The Ruy Lopez opening in chess was named after the Spanish priest who wrote about it in one of the first chess books in 1561. Chess is a game played on a checkered board divided into 64 squares, with 16 chessmen on each side. The colours of the opponents are varied – with a king, a queen, two knights, two bishops, two castles and eight pawns.
Each piece can be moved in a manner peculiar to itself. The queen, of course, has the widest range of movements. The tactics attempt to simulate military strategy.
Some people think that the game was devised in India and passed through Persia (as the country was known) to Spain and Europe. There have been successions of brilliant grand masters.
Some children take to the game remarkably quickly and it takes an astoundingly short time to explain where and when a piece can move. There are many examples of chess games being played in real time through the internet. There are also websites which explain and help with learning and consolidating the rules.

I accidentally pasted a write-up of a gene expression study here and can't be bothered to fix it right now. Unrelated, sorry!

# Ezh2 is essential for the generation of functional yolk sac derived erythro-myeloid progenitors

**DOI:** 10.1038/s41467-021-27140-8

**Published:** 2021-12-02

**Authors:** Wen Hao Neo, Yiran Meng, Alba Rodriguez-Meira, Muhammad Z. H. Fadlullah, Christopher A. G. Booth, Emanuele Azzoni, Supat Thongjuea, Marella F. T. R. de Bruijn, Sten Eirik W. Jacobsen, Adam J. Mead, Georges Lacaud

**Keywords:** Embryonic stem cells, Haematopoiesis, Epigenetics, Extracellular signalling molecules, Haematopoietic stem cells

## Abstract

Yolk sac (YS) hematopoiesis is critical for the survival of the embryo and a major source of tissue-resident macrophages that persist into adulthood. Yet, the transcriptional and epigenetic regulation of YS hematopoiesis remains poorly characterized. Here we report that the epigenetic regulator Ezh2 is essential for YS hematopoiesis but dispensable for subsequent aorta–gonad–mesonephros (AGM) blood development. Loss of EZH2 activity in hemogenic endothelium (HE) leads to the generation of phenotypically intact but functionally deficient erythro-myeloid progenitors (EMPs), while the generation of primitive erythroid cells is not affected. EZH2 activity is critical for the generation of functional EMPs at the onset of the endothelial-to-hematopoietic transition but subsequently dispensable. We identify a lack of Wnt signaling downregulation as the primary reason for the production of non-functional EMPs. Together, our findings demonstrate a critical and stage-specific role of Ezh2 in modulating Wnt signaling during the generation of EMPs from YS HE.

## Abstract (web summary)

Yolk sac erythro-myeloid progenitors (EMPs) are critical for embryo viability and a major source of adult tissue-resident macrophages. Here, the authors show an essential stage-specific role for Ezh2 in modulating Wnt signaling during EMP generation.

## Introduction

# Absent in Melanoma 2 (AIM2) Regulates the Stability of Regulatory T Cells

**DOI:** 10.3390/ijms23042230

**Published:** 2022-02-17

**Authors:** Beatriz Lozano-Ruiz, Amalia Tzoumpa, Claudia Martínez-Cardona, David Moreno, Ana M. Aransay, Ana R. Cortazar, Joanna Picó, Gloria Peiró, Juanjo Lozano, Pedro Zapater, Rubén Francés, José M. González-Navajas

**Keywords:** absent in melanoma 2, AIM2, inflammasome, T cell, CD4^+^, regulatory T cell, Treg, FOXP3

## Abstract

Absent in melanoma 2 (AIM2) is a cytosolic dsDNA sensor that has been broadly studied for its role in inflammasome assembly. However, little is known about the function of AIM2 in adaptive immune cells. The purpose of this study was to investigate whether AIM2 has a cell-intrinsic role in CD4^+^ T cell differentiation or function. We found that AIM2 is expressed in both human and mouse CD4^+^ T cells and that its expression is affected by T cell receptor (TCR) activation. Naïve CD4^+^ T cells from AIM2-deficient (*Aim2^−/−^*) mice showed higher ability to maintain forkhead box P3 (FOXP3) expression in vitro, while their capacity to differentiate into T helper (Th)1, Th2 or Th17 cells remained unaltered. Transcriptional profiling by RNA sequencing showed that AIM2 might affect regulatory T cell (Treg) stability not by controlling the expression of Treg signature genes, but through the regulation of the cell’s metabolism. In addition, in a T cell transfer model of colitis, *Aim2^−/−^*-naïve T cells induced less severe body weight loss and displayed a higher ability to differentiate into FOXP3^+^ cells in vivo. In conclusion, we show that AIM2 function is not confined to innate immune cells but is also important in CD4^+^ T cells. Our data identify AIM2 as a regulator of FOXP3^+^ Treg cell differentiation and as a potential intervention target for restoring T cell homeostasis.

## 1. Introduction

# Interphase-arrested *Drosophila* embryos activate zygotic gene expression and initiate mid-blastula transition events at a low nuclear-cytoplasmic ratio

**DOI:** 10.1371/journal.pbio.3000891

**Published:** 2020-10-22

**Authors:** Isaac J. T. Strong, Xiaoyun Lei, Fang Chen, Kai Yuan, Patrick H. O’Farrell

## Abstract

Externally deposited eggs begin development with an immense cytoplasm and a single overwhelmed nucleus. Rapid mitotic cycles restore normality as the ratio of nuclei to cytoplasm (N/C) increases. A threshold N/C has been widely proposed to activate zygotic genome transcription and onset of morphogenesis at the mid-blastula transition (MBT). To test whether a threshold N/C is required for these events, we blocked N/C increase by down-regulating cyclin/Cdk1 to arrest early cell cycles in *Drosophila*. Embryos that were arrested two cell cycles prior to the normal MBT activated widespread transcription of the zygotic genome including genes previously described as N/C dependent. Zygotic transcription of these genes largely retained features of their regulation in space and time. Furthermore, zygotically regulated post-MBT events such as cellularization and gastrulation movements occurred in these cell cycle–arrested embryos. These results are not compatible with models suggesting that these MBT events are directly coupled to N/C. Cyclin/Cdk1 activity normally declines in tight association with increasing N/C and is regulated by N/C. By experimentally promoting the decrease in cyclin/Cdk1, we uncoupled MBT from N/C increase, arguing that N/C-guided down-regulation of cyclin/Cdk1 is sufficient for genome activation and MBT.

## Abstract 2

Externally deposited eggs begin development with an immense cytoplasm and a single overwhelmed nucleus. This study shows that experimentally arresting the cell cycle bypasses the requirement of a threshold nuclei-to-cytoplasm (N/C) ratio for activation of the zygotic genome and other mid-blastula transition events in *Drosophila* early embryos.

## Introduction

One exponent of the Ruy Lopez opening was Nigel Short when he was just twelve years old.
He started off by moving his pawn to the King’s pawn 4. (This is three places in front of the King.) P-KP4.
His opponent relied with P-KP4
Short then moved his knight to the space in front of the King’s bishop. Kt – KB3.
His opponent countered with his knight to the Queen’s bishop. Kt – QB3.
The next move by Sort was B-Kt5. In other words his bishop was moved to the centre of the board – trying to take control of the centre of the board.
Nigel Short went to Bolton School – which was established as Bolton Grammar back in around 1516. He was playing chess from a very early age and became a Grand Master when he was still remarkably young – beating the best in the world at times.
When you begin to learn to play chess you are often encouraged to learn the rationale behind the moves – few chess teachers would try to teach the moves. Chess disciples are encouraged to study and learn chess ideas rather than chess moves. There are parallels with learning and studying many eleven plus topics. If your child is able to understand the idea behind the topic rather than try to learn the topic then enlightenment may come earlier.
Chess is played to win. The eleven plus is studied to win a place at a grammar school. Encourage your child to attack and defend. An eleven plus win has to be earned – no one can grant it.